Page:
In the sorrowful aftermath of Heather Heyer’s murder in Charlottesville, a Twitter user posted that the young woman’s death was especially poignant because she died “fighting for a cause that wasn’t even her own.”
I assume the person behind this tweet wanted to make a point about Heyer standing up for issues that did not directly affect her since she didn’t belong to any of the groups traditionally targeted by the white supremacists, neo-Nazis, or Ku Klux Klansmen that invaded the small Virginia city last weekend. Yet from everything her devastated family, friends, and co-workers have said, Heyer saw this cause as her own, and was deeply disturbed by the swath of hate polluting her city, her state, and her country.
This fight, she believed, is everybody’s fight.
Like her last public Facebook post — “If you are not outraged, you’re not paying attention” — Heyer was outraged because she had spent her life paying attention to the inequalities around her. Her mother, Susan Bro, told a reporter that her daughter always had “a very strong sense of right and wrong” and that “even as a child, she was very caught up in what she believed to be fair.”
“Somehow I almost feel that this is what she was born to be, a focal point for change,” Bro said. “I’m proud that what she was doing was peaceful. She wasn’t there fighting with people.”
Heyer was attending an anti-hate counter-protest Saturday with friends Marissa Blair and Marcus Martin when accused murderer James A. Fields Jr., a white supremacist, plowed his car into the crowd. Martin’s leg was broken after he pushed Blair, his fiancée, out of the way; Heyer was killed and at least 19 others were injured.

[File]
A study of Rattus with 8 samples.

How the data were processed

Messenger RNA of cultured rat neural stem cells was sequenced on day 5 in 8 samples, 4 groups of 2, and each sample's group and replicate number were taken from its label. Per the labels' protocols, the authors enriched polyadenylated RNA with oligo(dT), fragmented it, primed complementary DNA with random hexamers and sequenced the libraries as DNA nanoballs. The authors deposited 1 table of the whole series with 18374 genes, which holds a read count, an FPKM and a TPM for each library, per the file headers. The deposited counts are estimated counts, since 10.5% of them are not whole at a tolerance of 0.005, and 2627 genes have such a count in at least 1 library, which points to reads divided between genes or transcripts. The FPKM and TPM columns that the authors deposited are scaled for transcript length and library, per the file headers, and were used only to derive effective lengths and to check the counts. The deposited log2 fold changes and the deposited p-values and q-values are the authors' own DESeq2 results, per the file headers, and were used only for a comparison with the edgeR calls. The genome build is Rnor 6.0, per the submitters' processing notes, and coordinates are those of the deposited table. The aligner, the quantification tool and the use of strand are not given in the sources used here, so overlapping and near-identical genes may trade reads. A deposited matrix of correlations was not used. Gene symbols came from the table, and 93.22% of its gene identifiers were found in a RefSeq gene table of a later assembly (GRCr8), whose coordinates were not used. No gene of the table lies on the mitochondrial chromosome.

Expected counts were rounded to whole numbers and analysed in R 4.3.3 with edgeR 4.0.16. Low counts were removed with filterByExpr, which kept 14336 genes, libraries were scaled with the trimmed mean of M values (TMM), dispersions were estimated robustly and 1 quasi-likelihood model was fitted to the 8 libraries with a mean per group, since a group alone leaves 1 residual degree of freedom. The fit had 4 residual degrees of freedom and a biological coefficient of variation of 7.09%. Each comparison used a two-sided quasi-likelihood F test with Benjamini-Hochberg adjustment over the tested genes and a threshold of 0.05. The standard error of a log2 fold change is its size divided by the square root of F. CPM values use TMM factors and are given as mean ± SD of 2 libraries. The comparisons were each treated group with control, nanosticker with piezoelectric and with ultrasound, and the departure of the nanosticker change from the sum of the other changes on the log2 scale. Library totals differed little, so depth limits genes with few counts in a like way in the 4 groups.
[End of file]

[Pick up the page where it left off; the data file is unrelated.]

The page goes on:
Said Blair, “If you knew Heather, you would know that she loves everyone and all she wants is equality for everyone, no matter who you love, no matter what color you are.”
Heyer joins a roll call of white allies who’ve died for the cause of civil rights. In 1964’s “Mississippi Burning” murders, Michael Schwerner and Andrew Goodman were killed with James Chaney, a black civil rights worker, during efforts to register African-Americans voters. The following year, Jonathan Myrick Daniels, a Keene, N.H. seminarian and activist, was shot to death in Alabama while shielding Ruby Sales, an African-American teenager.
Still, Heyer’s death is especially evocative of Viola Liuzzo’s 1965 murder. A Detroit mother of five, Liuzzo was so horrified by televised images of black protesters set upon by dogs, fire hoses, and baton-wielding cops that she decided to attend a Martin Luther King Jr.-led voting rights march from Selma to Montgomery, Alabama. She told her husband, “It’s everybody’s fight.”
While shuttling local marchers to their homes, Liuzzo was killed instantly when Klansmen opened fire on her car. King attended her funeral, but her family was inundated with hate mail claiming that a white woman who left her family to help black people got what she deserved. In the hours after Heyer’s death, some also tried to sully her name. A neo-Nazi website posted an untrue, insult-filled article about her, but the backlash was swift — the site was dumped by its Internet domain providers.
Now, Heyer is being hailed nationwide as an inspiration, her death a stark reminder that hashtag activism isn’t enough. This fight will be peacefully won in the streets (and at the polls), not only on our screens. Heyer never saw injustice as a fight to be waged only by people of color, immigrants, or the LGBT community. She recognized that the good fight — for compassion, equality, and a just, inclusive world — is everybody’s fight. We can remember her and say her name by emulating how she lived her beliefs, from her feisty childhood until the last day of her too-short life.